By Allie Bidwell – U.S. News – December 16, 2013

Although water scarcity is already a problem in many countries today due to factors like population growth, the effects of global warming could put millions more people at risk of absolute water scarcity, according to a new study from the Potsdam Institute for Climate Impact Research. The study, published Monday in a special issue of the journal Proceedings of the National Academy of Sciences, found that water resources will be affected by changes in rainfall and evaporation due to climate change, putting 40 percent more people at risk of absolute water scarcity. For full story, click here.

By Victoria Woollaston – Daily Mail – December 16, 2013

Earth's poles are drifting and climate change is to blame, claim scientists.The planet's rotation has always wobbled slightly, and over time this movement has caused the North Pole to shift very slightly over time. But researchers now believe global warming could be drastically increasing this shift. For full story, click here.

By Laurie Ristino and Allison Gabala – Environmental Protection – December 16, 2013

The Farm Bill is the United States’ primary food and agriculture legislation. The breadth of its policies make the Farm Bill the primary vehicle influencing whether agricultural lands will mitigate against or contribute to climate change. Will the Farm Bill, already a year past its scheduled renewal, finally pass? If it does pass, will Congress protect critical conservation programs that both reduce contributions to climate change and protect American farmlands from future climate impacts? As it stands, the current Farm Bill proposals reduce mandatory funding for conservation programs by billions of dollars, while also providing increased resources for crop insurance. As a policy signal, one might think the U.S. government has turned a blind eye to agriculture’s role in climate change mitigation, and has shifted its resources toward protecting the profit margins of commodity producers in the face of extreme weather. Agriculture and climate change are inexorably linked. Agriculture is a primary source of methane and nitrous oxide emissions, two prominent greenhouse gasses. Changes in climate will affect crop and livestock yields, resulting in increased costs for agricultural commodities and decreased farm incomes, influencing where and how we produce food. At the same time, agriculture can also remove carbon dioxide from the atmosphere by storing carbon in soil and vegetation. For full story, click here.

By Catherine Griffin – Science World Report – December 8, 2013

As our climate changes, geoengineering is becoming an option that seems more and more attractive. But is this process really an option? Scientists have discovered that reducing the amount of sunlight reaching the planet's surface through this technique may not undo climate change after all and may instead have unwanted effects on Earth's rainfall patterns. For full article, click here.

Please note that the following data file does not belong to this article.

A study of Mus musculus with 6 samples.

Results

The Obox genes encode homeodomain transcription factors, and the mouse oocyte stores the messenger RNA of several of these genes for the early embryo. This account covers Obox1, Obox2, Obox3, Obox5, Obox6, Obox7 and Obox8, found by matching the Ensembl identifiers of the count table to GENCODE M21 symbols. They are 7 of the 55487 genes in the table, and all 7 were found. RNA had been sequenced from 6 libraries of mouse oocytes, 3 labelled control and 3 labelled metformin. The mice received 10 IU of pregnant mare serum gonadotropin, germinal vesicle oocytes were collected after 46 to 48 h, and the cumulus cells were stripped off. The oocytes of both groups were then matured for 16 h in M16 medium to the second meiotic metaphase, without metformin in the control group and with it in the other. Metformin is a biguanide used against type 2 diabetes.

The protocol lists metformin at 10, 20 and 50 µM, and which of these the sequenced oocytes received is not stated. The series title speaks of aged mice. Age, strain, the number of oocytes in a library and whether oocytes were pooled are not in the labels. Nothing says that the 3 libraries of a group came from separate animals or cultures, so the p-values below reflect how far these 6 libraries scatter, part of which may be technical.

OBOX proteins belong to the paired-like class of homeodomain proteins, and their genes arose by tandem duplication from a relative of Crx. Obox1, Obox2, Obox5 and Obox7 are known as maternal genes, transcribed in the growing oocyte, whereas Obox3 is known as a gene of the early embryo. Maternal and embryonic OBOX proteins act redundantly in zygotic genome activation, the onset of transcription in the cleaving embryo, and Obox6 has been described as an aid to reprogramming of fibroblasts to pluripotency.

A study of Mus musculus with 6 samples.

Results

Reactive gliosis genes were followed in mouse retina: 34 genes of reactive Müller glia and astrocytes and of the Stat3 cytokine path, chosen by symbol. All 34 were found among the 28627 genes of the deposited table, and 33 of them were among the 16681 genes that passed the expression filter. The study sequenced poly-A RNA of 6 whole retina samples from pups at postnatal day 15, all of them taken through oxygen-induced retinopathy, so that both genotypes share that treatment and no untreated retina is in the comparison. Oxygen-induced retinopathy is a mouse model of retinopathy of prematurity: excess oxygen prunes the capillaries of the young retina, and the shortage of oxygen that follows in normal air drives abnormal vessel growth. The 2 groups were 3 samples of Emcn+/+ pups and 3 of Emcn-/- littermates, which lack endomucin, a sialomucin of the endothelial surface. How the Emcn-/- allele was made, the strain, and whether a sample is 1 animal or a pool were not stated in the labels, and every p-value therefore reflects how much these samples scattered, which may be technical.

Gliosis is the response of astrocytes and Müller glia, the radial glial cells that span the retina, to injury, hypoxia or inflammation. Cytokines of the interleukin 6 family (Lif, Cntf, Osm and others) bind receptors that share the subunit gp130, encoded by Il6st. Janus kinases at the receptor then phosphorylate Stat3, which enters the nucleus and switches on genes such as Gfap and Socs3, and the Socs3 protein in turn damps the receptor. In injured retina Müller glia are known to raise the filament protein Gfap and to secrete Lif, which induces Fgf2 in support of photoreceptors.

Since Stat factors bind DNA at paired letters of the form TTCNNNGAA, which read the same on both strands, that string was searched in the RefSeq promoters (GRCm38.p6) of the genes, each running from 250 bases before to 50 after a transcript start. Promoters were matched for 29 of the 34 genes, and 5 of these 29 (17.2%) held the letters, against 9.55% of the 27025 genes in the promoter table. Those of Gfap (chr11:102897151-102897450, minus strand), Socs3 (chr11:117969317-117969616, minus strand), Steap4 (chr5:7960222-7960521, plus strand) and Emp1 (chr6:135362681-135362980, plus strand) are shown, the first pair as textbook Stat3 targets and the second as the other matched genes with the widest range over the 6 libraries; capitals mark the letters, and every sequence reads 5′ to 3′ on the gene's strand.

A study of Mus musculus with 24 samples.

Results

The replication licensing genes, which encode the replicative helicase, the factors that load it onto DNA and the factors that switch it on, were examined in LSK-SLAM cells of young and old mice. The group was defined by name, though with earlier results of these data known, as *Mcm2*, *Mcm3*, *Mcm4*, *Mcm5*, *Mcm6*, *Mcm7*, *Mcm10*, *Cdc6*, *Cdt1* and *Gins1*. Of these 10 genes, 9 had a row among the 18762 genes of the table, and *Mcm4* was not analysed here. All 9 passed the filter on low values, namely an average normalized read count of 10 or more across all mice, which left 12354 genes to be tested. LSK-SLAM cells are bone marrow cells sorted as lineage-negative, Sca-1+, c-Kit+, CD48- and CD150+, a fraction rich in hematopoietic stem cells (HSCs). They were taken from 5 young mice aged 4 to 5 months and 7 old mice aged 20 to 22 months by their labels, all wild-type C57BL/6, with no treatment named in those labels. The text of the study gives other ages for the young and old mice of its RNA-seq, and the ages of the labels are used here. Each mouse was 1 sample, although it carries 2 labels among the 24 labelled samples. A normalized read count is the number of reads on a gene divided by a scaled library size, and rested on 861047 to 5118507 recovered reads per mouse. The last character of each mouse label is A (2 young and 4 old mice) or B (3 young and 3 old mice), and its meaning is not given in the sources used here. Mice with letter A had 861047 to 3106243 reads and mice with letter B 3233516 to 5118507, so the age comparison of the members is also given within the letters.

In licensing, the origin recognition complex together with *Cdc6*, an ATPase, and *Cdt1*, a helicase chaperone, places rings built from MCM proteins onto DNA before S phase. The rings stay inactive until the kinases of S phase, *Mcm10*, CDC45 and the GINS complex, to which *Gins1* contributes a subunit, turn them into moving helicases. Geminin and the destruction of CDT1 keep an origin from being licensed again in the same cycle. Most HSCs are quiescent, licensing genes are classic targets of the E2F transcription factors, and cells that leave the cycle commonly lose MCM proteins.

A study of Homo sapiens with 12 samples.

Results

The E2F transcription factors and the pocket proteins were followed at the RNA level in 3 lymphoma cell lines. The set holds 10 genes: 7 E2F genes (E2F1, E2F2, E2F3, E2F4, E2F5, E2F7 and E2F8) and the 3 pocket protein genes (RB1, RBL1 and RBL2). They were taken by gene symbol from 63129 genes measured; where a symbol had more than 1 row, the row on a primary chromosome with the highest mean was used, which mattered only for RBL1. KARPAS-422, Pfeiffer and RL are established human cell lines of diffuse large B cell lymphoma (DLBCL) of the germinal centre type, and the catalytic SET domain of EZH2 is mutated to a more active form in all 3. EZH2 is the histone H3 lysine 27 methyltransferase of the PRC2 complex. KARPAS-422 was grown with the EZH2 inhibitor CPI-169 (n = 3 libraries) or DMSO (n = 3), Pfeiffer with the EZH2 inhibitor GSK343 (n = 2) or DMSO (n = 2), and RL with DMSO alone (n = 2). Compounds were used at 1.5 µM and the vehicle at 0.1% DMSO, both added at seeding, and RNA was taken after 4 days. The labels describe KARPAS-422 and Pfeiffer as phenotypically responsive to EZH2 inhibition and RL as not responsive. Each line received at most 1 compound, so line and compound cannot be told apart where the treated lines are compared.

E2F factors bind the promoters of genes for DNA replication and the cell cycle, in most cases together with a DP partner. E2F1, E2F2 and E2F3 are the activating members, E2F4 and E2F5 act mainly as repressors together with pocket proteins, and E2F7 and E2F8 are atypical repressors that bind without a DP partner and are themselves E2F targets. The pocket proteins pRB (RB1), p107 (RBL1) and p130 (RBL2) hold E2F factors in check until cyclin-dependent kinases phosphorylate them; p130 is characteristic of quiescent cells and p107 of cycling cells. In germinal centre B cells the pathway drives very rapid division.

By Seth Borenstein – The Republic – December 3, 2013

Hard-to-predict sudden changes to Earth's environment are more worrisome than climate change's bigger but more gradual impacts, a panel of scientists advising the federal government concluded Tuesday. The 200-page report by the National Academy of Sciences looked at warming problems that can occur in years instead of centuries. The report repeatedly warns of potential "tipping points" where the climate passes thresholds, beyond which "major and rapid changes occur." And some of these quick changes are happening now, said study chairman James White of the University of Colorado. For full story, click here.

By Nina Chestney – Chicago Tribune – December 3, 2013

An internationally agreed target to limit rises in global average temperatures to within 2 degrees Celsius is around double the threshold that would avoid catastrophic climate change, a study by 18 eminent scientists said. Governments decided in 2009 that such temperature increases needed to be no more than 2 degrees C (3.6 Fahrenheit) above pre-industrial levels to avoid effects such as more extreme weather, higher sea levels and ocean acidification. They aim to agree by 2015 on a global deal to cut the greenhouse gas emissions blamed for climate change, but the reductions will not come into force until after 2020. For full story, click here.

By Helena Wright – The Guardian – November 27, 2013

Following Typhoon Haiyan in the Philippines, there have been increasing calls for more financial investment to prevent climate change. Scientists warn that climate-related disasters such as the Philippines typhoon will become more frequent and intense in a warmer world. For full story, click here.

By Elizabeth McCarthy – Medill Reports  November 26, 2013

The recent off-season tornadoes that claimed 15 counties as disaster areas may become more commonplace in Illinois as the effects of climate change alter weather patterns in the state, experts warn. “Now most of our tornadoes happen in the springtime and early summer. But we might see more and more of them year round,” said Jim Angel, the Illinois state climatologist. For full story, click here.

Van Ness Feldman – October 23, 2013

On October 15, 2013, the U.S. Supreme Court agreed to hear challenges to a determination by the U.S. Environmental Protection Agency (EPA or the Agency) that, under the Clean Air Act, increases in emissions of greenhouse gases (GHGs) from new and modified major stationary sources triggers a requirement for those sources to obtain Prevention of Significant Deterioration (PSD) permits.  In 2012, the U.S. Court of Appeals for the District of Columbia (D.C. Circuit) upheld this EPA determination inCoalition for Responsible Regulation v. EPA, 684 F.3d 102.  The Supreme Court has consolidated review of six separate challenges as Utility Air Regulatory Group v. EPA, and will hear one hour of oral argument in its October Term. For full story, click here.